The ongoing coronavirus pandemic has impacted every aspect of life for people all over the globe. The virus that broke out nearly 6 months ago in China has changed the way that people work, study, interact, and travel. Moreover, the gendered impact of the virus has also been discussed widely. Many people have talk about the massive burden that has been put on the shoulders of many women, who now have to take care of their families without the breaks of reliefs that they would usually get. This is especially true for working mothers and single mothers.
However, a less-discussed impact is when the massive burden befalling working mothers coincides with the gender dynamic in the house. Women’s jobs are often considered less-important and more flexible as compared to men. Even in a family with heterosexual parents who are both working, the father’s job is often given more importance. Moreover, the mother is expected to balance her work and taking care of the family, whereas the father is not.
However, this dynamic is abnormally affected women in one specific field.
Academia is a field that requires articles and researches for someone to progress in their subject. Both articles and researches require individuals to be in a certain headspace. Moreover, it requires the ability to immerse oneself in them for a long period of time. However, having to take care of families 24×7 has taken this ability away from women.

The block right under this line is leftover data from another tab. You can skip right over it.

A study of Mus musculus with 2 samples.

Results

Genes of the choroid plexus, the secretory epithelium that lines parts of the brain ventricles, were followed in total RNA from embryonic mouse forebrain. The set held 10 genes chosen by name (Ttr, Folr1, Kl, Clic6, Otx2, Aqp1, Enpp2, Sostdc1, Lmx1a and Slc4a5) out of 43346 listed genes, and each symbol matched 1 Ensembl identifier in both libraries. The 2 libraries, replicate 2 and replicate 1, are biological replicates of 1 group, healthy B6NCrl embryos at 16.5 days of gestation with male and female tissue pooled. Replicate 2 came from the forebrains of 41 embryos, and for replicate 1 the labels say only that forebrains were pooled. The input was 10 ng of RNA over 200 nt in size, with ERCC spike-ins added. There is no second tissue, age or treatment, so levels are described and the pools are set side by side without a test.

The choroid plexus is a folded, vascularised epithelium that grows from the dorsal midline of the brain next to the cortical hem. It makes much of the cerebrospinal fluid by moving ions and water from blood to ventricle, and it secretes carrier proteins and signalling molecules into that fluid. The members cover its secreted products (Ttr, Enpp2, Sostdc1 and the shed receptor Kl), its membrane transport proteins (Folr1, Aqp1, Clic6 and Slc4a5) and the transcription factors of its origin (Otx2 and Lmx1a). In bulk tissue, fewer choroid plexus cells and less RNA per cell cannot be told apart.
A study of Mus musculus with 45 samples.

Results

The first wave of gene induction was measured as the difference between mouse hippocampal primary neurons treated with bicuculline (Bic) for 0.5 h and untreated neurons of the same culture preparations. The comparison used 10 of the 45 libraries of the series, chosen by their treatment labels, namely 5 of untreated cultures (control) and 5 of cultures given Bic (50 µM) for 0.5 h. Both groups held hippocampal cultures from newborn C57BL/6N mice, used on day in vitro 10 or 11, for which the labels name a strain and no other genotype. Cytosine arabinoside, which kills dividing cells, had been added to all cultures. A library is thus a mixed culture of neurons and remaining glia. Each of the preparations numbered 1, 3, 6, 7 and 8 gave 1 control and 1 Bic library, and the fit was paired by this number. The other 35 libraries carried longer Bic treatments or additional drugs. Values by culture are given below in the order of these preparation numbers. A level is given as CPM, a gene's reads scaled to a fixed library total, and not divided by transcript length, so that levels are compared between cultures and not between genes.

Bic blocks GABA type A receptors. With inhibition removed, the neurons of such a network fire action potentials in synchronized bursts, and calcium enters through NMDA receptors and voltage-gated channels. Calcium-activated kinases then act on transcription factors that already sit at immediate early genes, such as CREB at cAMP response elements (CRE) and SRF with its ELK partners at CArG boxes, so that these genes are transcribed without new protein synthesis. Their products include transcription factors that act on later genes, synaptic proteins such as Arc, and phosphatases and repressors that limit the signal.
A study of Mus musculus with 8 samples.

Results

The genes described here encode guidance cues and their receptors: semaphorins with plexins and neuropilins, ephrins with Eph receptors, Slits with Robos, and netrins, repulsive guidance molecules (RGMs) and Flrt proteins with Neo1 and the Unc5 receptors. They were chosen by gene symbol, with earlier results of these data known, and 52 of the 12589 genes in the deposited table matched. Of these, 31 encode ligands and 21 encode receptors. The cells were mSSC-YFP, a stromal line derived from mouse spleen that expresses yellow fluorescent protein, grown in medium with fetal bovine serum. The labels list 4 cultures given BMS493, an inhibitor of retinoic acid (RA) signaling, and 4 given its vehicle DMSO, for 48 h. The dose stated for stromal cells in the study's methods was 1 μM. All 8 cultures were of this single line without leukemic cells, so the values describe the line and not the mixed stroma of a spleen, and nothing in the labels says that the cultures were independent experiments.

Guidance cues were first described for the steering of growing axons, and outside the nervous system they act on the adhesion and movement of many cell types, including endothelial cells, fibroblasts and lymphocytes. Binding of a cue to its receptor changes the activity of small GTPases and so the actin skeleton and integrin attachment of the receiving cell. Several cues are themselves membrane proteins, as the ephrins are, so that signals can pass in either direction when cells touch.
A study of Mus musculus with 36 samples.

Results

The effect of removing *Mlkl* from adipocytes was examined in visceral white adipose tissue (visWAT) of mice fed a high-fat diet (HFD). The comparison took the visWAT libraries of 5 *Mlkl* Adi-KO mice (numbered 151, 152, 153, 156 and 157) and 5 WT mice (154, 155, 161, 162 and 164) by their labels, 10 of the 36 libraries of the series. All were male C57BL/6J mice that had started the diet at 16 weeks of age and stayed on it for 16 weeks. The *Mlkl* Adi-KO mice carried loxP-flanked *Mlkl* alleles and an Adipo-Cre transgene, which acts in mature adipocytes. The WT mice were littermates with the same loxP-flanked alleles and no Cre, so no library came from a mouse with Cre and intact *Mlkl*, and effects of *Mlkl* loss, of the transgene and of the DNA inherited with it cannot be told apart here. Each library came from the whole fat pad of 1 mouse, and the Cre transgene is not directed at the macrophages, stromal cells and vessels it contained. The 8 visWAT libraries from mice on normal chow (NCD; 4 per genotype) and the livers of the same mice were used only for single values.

The deputy editor of the British Journal for the Philosophy of Science, Dr. Elizabeth Hannon revealed in a tweet that she had received a “Negligible number of submissions to the journal from women in the last month.”
Negligible number of submissions to the journal from women in the last month. Never seen anything like it.
— Elizabeth Hannon (@El_Dritch) April 18, 2020
Moreover, David Samuels, the co-editor of Comparative Political Studies journal revealed that submissions from men were up almost 50% in April.
This goes to show the sacrifices that women are having to make because of other responsibilities taking priority over their careers.
“Research has fallen by the wayside,” said Dr Jenny Hallam, a senior lecturer in psychology at the University of Derby.
She added –
“It’s important and I want to do it, but it’s not as urgent as supporting my students. My students and my children have to be my priority.”
“Many female academics will have partners with a more structured job with online meetings that are non-negotiable. And it must be even harder for single mothers because they are doing all this on their own.”
We need to make sure that we accommodate people who have to compromise their careers to take care of their families during this unprecedented crisis.
Prof James Wilsdon, director of the new Research on Research Institute, said –
“We have to be very cautious that we are not privileging those who are able to use the coronavirus situation as time to race ahead of their peers, who are held back not by talent or aspiration but by the need to do homeschooling and put three meals a day on the table.”